ARRL-Sponsored Medium-Frequency Experiment Continues as Hams Hope for New Band


The ARRL-sponsored medium-frequency experiment, operating as WD2XSH, continues apace in an effort to demonstrate the viability of 472 to 479 kHz as a secondary Amateur Radio allocation. At the same time, the FCC has been silent regarding the ARRL’s November 2012 Petition for Rulemaking that asked the Commission to make this segment of the spectrum available to radio amateurs in the US. Delegates to the 2012 World Radiocommunication Conference approved a 7 kHz-wide secondary allocation between 472 and 479 kHz for the Amateur Radio Service, with a power limit of 5 W EIRP (or 1 W EIRP, depending on location). The FCC has indicated that it will address the issue within the context of its Notice of Proposed Rule Making in ET Docket No. 12-338, to formally reflect the Final Acts of WRC 2007 in its rules. In his quarterly WD2XSH update, Experiment Coordinator Fritz Raab, W1FR, reported that 514 contacts — 10 in the last quarter — have been logged among those taking part in the experiment across the US.


“As usual, activity increased as conditions improved during the fall. Much of the recent activity has involved WSPR-15,” Raab reported. “Reception over significant distances (eg, Europe, Alaska) has been reported. Much of the activity is being undertaken by a few new experimental licensees.” Raab noted that WD2XSH participant Brian Justin, WA1ZMS, transmitted Fessenden commemorative broadcasts on AM via his own experimental license, WG2XFQ, during the December holidays.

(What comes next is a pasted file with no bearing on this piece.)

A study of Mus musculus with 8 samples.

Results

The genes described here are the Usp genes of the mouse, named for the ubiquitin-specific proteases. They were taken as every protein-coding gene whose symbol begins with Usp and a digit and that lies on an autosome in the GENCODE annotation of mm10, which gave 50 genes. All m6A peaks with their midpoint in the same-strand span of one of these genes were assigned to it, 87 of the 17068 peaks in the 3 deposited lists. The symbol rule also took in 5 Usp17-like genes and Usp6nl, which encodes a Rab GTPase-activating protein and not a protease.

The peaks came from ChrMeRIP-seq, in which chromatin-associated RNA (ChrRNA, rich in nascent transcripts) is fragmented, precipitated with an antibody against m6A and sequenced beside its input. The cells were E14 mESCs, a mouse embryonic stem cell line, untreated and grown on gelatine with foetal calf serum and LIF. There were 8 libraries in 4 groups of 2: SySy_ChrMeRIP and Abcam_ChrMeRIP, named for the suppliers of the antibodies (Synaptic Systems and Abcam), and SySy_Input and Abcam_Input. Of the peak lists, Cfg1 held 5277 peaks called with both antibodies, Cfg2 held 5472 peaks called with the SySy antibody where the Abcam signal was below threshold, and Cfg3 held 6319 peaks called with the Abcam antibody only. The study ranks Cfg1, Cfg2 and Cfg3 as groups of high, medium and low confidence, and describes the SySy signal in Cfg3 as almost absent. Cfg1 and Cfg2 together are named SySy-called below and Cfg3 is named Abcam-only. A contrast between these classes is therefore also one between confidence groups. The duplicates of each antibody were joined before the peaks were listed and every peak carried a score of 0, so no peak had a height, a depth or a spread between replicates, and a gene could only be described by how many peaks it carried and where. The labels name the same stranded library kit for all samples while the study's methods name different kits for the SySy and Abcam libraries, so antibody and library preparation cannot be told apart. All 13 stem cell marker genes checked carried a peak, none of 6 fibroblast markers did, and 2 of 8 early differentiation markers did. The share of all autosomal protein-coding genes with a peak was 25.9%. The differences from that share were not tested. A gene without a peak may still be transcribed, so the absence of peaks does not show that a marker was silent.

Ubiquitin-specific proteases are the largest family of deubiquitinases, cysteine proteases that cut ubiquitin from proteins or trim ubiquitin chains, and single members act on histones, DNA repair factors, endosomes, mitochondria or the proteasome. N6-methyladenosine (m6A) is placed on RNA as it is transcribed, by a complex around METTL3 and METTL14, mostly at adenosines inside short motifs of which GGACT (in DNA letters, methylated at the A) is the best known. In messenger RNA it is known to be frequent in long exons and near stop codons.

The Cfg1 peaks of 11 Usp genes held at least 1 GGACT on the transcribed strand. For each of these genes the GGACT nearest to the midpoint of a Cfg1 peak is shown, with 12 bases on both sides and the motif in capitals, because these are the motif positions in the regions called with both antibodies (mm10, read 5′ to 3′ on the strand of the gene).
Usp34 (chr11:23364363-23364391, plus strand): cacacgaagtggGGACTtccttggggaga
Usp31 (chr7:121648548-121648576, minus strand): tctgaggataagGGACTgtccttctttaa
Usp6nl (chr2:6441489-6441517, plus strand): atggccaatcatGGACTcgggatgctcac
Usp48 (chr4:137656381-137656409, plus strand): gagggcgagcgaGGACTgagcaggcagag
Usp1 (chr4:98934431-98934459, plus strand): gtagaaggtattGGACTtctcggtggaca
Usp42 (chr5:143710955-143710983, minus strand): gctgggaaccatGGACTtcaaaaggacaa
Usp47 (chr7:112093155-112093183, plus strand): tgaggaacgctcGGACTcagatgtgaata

In the US, the 472-479 kHz band is part of the larger 435-495 kHz segment that is allocated on a primary basis to the Maritime Mobile Service (federal and non-federal users), and on a secondary basis for federal government aeronautical radionavigation. The ARRL stated in its Petition that it is unaware of any domestic assignments that might conflict with the allocation of 472 to 479 kHz to the Amateur Radio Service, and there is almost no power line carrier (PLC) operation in this band segment. The FCC in 2003 cited the potential for interference to utility-operated PLC systems when it turned down an ARRL petition seeking an LF “sliver band” at 135.7 to 137.8 kHz.

The WD2XSH experiment involves more than three dozen stations and includes all geographic areas of the US, including Alaska and Hawaii. Most of the stations are in the eastern half of the US. Raab has reported no interference issues during the WD2XSH experiment, begun in 2006 and initially using spectrum in the vicinity of 500 kHz. The experiment is scheduled to continue until the current license expires on August 1, 2015. Seventeen US experimental stations not affiliated with the ARRL experiment and a handful of Part 15 stations are active in the vicinity of 500 kHz. A dozen so-called “heritage stations” in the US operate there as well.

As Raab noted in his report, at least a dozen countries already have approved Amateur Radio operation in the 630 meter band — 472 to 479 kHz. They are Germany, Greece, Malta, Monaco, Norway, the Philippines, Czech Republic, New Zealand, Australia, Switzerland, Finland, Spain, and France.